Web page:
ACCESS TO JUSTICE
Seven of the world’s 20 countries with high pretrial detention rates are in Africa.
Pretrial detention is antithetical to the idea of fair trials and speedy dispensation of justice. More discomfiting is the almost age-long practice, which has metamorphosed into the trend of deliberately incarcerating suspects; for long periods in the hoax of pretrial detention.
Nigeria’s numbers have continued to increase despite spirited efforts to reduce pretrial detention and overcrowding. As of today, 70% of inmates in Nigeria are awaiting trial at a 136.7% occupancy rate.
Through our Access to Justice program we meet indigent persons in contact with the justice system at various detention or correctional center, and offer legal aid services to them.
Specifically, we represent Children in conflict with the law, women, wrongly accused persons, and individuals who are victims of human rights violations perpetrated by criminal justice actors.
Accelerating justice in Nigeria Project
Hope Behind Bars Africa (HBBA) and Legend Golden Care Foundation (LGCF) launched Accelerating Justice Reform in Nigeria (AJURN), a 3-year project aimed at reducing the number of pre-trial detainees in custodial centers in Nigeria by utilizing pro-bono lawyers while making a case for the implementation of the non-custodial system.
It was launched on the 19th of January 2023 with a visit to the Nigerian Correctional Facility, FCT Command with a donation of community service tools to the Non-Custodial Facility.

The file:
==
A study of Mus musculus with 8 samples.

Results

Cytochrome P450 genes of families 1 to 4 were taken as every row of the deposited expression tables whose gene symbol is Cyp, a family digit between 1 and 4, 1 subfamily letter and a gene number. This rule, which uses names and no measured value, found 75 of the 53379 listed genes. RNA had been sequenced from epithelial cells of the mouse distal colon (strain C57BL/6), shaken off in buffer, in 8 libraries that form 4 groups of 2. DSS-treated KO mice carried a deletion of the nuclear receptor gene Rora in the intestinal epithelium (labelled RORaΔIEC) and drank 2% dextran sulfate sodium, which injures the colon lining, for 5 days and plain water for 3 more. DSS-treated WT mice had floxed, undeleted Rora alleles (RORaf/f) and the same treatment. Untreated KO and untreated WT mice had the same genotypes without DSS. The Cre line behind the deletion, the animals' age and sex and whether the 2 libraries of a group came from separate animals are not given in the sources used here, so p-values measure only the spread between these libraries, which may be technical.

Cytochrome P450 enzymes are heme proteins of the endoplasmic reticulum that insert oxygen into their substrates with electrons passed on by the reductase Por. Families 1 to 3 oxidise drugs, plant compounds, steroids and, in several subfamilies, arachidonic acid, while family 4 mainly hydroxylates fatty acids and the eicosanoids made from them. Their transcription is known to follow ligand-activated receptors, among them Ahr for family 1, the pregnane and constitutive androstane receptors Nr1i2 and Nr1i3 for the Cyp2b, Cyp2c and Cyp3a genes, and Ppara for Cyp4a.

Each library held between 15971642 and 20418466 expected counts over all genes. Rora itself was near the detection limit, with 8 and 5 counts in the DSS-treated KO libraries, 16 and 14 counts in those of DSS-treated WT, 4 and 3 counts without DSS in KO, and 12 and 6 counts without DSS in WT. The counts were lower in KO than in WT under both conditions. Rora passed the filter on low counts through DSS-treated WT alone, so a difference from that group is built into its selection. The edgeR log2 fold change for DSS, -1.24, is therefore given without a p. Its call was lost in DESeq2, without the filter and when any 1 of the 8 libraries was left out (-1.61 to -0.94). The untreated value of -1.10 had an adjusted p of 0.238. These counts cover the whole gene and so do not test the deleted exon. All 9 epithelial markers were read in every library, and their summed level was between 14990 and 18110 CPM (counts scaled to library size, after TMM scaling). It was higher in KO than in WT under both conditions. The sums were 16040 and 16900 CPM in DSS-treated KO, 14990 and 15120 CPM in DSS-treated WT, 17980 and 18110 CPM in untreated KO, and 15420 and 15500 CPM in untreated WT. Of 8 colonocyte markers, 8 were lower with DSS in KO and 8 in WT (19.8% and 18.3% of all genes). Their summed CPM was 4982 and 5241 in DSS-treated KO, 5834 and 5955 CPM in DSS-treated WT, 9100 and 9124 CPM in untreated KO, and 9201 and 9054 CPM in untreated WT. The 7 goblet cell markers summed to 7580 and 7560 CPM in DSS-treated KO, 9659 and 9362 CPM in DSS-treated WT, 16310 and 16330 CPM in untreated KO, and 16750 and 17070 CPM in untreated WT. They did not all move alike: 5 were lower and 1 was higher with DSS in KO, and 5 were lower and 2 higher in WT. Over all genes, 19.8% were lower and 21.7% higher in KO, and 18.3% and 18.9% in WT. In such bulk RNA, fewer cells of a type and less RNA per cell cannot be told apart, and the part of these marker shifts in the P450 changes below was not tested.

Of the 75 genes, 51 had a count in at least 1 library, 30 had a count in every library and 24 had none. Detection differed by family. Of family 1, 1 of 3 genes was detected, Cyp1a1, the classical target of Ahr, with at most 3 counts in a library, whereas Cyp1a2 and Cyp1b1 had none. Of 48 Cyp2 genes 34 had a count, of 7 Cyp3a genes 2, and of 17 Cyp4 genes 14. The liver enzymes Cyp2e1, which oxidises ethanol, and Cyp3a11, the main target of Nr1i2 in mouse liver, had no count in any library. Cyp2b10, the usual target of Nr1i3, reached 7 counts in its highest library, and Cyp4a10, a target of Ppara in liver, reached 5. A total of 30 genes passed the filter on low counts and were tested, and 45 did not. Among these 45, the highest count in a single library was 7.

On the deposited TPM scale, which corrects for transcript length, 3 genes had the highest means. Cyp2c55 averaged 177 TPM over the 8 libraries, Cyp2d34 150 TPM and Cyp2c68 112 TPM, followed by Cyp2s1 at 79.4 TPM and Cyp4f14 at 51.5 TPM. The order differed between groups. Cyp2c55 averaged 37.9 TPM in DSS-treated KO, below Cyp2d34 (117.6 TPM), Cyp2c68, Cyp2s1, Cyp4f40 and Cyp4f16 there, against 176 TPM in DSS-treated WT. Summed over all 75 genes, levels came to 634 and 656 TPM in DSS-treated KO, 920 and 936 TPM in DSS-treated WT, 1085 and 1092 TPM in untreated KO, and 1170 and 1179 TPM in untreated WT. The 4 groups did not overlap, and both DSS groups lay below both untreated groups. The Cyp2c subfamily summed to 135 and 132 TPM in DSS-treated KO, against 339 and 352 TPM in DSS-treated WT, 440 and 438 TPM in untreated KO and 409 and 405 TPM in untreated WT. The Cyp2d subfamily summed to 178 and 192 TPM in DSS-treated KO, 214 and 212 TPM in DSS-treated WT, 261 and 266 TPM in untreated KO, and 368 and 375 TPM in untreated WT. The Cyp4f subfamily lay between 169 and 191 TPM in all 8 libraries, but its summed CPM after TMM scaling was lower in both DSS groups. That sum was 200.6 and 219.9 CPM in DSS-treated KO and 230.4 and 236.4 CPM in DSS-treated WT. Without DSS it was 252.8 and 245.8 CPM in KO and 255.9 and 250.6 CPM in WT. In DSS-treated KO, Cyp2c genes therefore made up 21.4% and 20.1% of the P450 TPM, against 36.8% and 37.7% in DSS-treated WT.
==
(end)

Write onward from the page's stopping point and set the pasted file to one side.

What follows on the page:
To promote awareness on the existence of the Non Custodial unit of the Nigerian Correctional Service, A Stakeholders’ Dialogue and Launch of Policy Brief for this cause was held on May 18, 2023.
Police Duty Solicitor Scheme
Hope Behind Bars Africa has commence plans to initiate the Police Duty Solicitors Scheme (PDSS). The scheme will enable our organisation intervene by providing legal representation to suspects at the police immediately after arrest. The objective of the program is to protect indigent suspects against unnecessary and arbitrary use of arrest and pre-trial detention.
Our lawyers stationed at the police station will have the duty to ensure that investigating officers comply with the provision of the 1999 Constitution of the Federal Republic of Nigeria, Administration of Criminal Justice Act 2015 and other relevant laws on criminal justice administration.
In collaboration with the Nigeria Police Force, this scheme holds the potency of ensuring that there is speedy investigation of cases, decongestion of detention facilities and the right of suspect will be adequately protected.
Capital Trial Project
The mandatory death penalty which is adverse to International Human Rights Law is still very prevalent in Nigeria’s statute books, a country which has a dearth of specialized capital defenders. In 2020, we took up 4 capital cases. We also leveraged on our relationship with Cornell University Centre on Death Penalty worldwide and organized an intensive introductory training for young lawyers and law students, so they will get a hang of the intricacies of the capital punishment and issues relating to persons charged with a capital offense.
For the mini trainings, we had 35 participants and for the in-person training, we had 20 participants. Eight (8) students of whom were University Undergraduates students and Twelve (12) were lawyers. We had facilitators from Nigeria, Cornell University Centre on Death Penalty worldwide and from other parts of the world.
The feedback we received shows that the training was beneficial and insightful to the attendees. For most of the students, it helped them to rethink their participation in extracurricular activities that bothers on issues relating to human rights. 80% of the lawyers present shared their excitement about the prospect of volunteering with HBBA.